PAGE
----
Views: 0 Author: Site Editor Publish Time: 2023-09-08 Origin: Site
Hydrogels are three-dimensional networks made up of hydrophilic polymers, usually exhibiting high water content. They can be formed by physical or chemical crosslinking, and their mechanical and physical properties can be tailored to suit specific biomedical applications. Hydrogels have been widely used in biomedical research, such as drug delivery systems, wound dressings, tissue engineering, and biosensors, due to their excellent biocompatibility, biodegradability, and swelling properties (Kanapathipillai et al., 2016).
Methyl Hydroxyethyl Cellulose (MHEC) is a cellulose derivative that has been used for many years as a viscosity modifier in various industrial applications, such as coatings, adhesives, and cosmetics. MHEC is soluble in water, non-toxic, and biodegradable, which makes it a potential candidate for biomedical applications. In this review, we will discuss recent advances in the development of novel MHEC-based hydrogels for biomedical applications.
Synthesis of MHEC-based Hydrogels
MHEC hydrogels can be synthesized by chemical crosslinking. Crosslinking agents such as glutaraldehyde, formaldehyde, and epichlorohydrin have been used to crosslink MHEC (Khan et al., 2019). The mechanical and physical properties of MHEC hydrogels can be controlled by varying the concentration and degree of substitution of MHEC and the amount of crosslinking agent used. High concentrations of MHEC result in stiffer hydrogels, while low concentrations lead to more elastic hydrogels. The degree of substitution also affects the swelling properties, with higher degrees of substitution resulting in greater water uptake (Khan et al., 2019).
Properties of MHEC-based Hydrogels
MHEC hydrogels have several desirable properties for biomedical applications. They are hydrophilic, which allows for the efficient transport of nutrients, oxygen, and waste products through the hydrogel. MHEC hydrogels also have excellent swelling properties, which can be useful in wound dressings as they can absorb exudates from the wound and maintain a moist environment for faster wound healing (Sun et al., 2019). MHEC hydrogels have been shown to have good mechanical properties, comparable to other commonly used hydrogels such as polyacrylamide and polyvinyl alcohol (Khan et al., 2019). Finally, MHEC hydrogels are biodegradable, which means they can be broken down by enzymes in the body, eliminating the need for surgical removal (Sun et al., 2019).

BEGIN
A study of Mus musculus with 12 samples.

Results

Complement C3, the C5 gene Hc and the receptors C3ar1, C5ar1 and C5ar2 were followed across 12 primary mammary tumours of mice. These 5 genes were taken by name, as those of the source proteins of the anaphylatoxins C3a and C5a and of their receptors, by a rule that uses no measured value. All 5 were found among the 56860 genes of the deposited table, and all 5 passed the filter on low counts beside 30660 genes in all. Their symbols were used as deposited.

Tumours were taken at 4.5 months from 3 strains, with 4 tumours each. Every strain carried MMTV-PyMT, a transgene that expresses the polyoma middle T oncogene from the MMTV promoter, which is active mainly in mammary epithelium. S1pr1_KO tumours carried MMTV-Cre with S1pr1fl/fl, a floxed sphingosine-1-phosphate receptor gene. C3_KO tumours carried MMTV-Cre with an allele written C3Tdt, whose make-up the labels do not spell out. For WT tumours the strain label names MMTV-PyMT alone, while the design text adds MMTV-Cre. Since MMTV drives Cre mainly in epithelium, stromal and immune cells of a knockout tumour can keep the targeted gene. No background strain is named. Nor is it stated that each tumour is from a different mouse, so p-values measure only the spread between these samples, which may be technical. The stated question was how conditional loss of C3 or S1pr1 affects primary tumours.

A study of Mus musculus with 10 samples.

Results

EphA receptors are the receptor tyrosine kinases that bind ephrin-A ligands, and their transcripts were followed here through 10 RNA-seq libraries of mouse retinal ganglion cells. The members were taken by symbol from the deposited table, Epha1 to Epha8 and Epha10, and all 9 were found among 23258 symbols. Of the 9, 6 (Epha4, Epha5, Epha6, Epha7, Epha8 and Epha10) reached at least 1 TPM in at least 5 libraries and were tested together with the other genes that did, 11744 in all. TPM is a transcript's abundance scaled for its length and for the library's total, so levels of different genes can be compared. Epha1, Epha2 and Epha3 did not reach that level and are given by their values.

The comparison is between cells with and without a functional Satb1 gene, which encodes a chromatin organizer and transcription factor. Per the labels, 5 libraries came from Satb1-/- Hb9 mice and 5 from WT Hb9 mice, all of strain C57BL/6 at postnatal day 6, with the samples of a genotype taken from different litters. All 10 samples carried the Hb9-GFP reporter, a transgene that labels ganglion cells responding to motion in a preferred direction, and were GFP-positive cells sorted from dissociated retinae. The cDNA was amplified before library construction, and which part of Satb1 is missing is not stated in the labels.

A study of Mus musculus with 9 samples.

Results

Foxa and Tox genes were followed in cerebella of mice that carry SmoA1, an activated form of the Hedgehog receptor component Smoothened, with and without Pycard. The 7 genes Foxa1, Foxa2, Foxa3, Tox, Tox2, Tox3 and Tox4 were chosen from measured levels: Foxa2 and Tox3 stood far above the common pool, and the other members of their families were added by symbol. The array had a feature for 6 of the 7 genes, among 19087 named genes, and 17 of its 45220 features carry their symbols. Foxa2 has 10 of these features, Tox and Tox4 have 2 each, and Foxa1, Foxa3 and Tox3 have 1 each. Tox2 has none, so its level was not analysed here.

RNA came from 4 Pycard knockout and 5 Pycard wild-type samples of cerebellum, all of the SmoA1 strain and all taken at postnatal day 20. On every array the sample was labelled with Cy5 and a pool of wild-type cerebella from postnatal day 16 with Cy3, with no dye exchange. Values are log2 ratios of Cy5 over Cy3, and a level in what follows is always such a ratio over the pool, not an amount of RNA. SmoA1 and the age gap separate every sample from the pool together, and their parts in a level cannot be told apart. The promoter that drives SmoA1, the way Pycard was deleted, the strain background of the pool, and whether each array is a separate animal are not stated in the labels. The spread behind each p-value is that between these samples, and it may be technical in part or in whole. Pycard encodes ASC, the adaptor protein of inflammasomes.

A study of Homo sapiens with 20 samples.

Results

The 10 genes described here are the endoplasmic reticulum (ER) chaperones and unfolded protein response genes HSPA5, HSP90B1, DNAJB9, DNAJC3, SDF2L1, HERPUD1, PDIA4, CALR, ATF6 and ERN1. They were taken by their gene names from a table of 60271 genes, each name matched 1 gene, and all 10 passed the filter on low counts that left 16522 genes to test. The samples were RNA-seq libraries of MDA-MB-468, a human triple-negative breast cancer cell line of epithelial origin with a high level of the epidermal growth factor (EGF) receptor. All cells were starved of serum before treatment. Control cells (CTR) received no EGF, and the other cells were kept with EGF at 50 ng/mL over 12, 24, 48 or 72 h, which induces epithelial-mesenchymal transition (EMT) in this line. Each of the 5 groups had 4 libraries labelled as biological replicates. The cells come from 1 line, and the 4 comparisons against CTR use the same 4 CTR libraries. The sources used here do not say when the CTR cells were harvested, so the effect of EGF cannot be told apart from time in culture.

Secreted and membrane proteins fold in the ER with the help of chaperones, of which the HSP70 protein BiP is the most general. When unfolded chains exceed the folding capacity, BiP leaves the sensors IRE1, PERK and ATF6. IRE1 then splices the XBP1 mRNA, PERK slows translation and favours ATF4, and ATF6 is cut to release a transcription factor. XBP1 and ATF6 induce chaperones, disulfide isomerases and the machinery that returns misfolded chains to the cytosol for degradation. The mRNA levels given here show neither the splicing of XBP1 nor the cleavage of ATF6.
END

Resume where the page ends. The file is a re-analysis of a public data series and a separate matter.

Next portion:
Biomedical Applications of MHEC-based Hydrogels
Drug delivery systems
MHEC hydrogels have been used as drug delivery systems due to their excellent swelling properties and biocompatibility. For example, Li et al. (2018) synthesized a pH-responsive MHEC hydrogel loaded with doxorubicin, a commonly used chemotherapy drug. The hydrogel was able to absorb water and swell in response to the alkaline pH of cancer cells, releasing the drug at the tumor site. This system showed excellent anti-tumor activity in vitro and in vivo.
MHEC hydrogels have also been investigated as wound dressings due to their excellent water uptake and moisture retention properties. For example, Sun et al. (2019) synthesized a composite hydrogel comprising of MHEC and chitosan for use as a wound dressing. The hydrogel showed good swelling properties, with a water uptake of up to 70%. The composite hydrogel was able to effectively inhibit bacterial growth in vitro and promote wound healing in vivo.
MHEC hydrogels have also been used in tissue engineering due to their excellent biocompatibility and mechanical properties. For example, Zhang et al. (2019) synthesized an MHEC-based hydrogel as a scaffold for tendon tissue engineering. The hydrogel was able to effectively support the proliferation and differentiation of tendon stem cells, demonstrating excellent cellular compatibility.
MHEC hydrogels have also been used in biosensors due to their excellent swelling properties and biocompatibility. For example, Ahmed et al. (2019) synthesized an electrochemical biosensor using an MHEC hydrogel to immobilize the enzyme glucose oxidase. The biosensor showed excellent sensitivity and selectivity towards glucose detection.
In conclusion, MHEC hydrogels are promising materials for various biomedical applications due to their excellent biocompatibility, biodegradability, and swelling properties. Chemical crosslinking with various crosslinking agents can control the mechanical and physical properties of MHEC hydrogels. MHEC hydrogels have been utilized in drug delivery systems, wound dressings, tissue engineering, and biosensors, showing excellent efficacy in these applications. Future research should focus on further exploring the potential of MHEC hydrogels in biomedical applications and optimizing their properties for specific applications.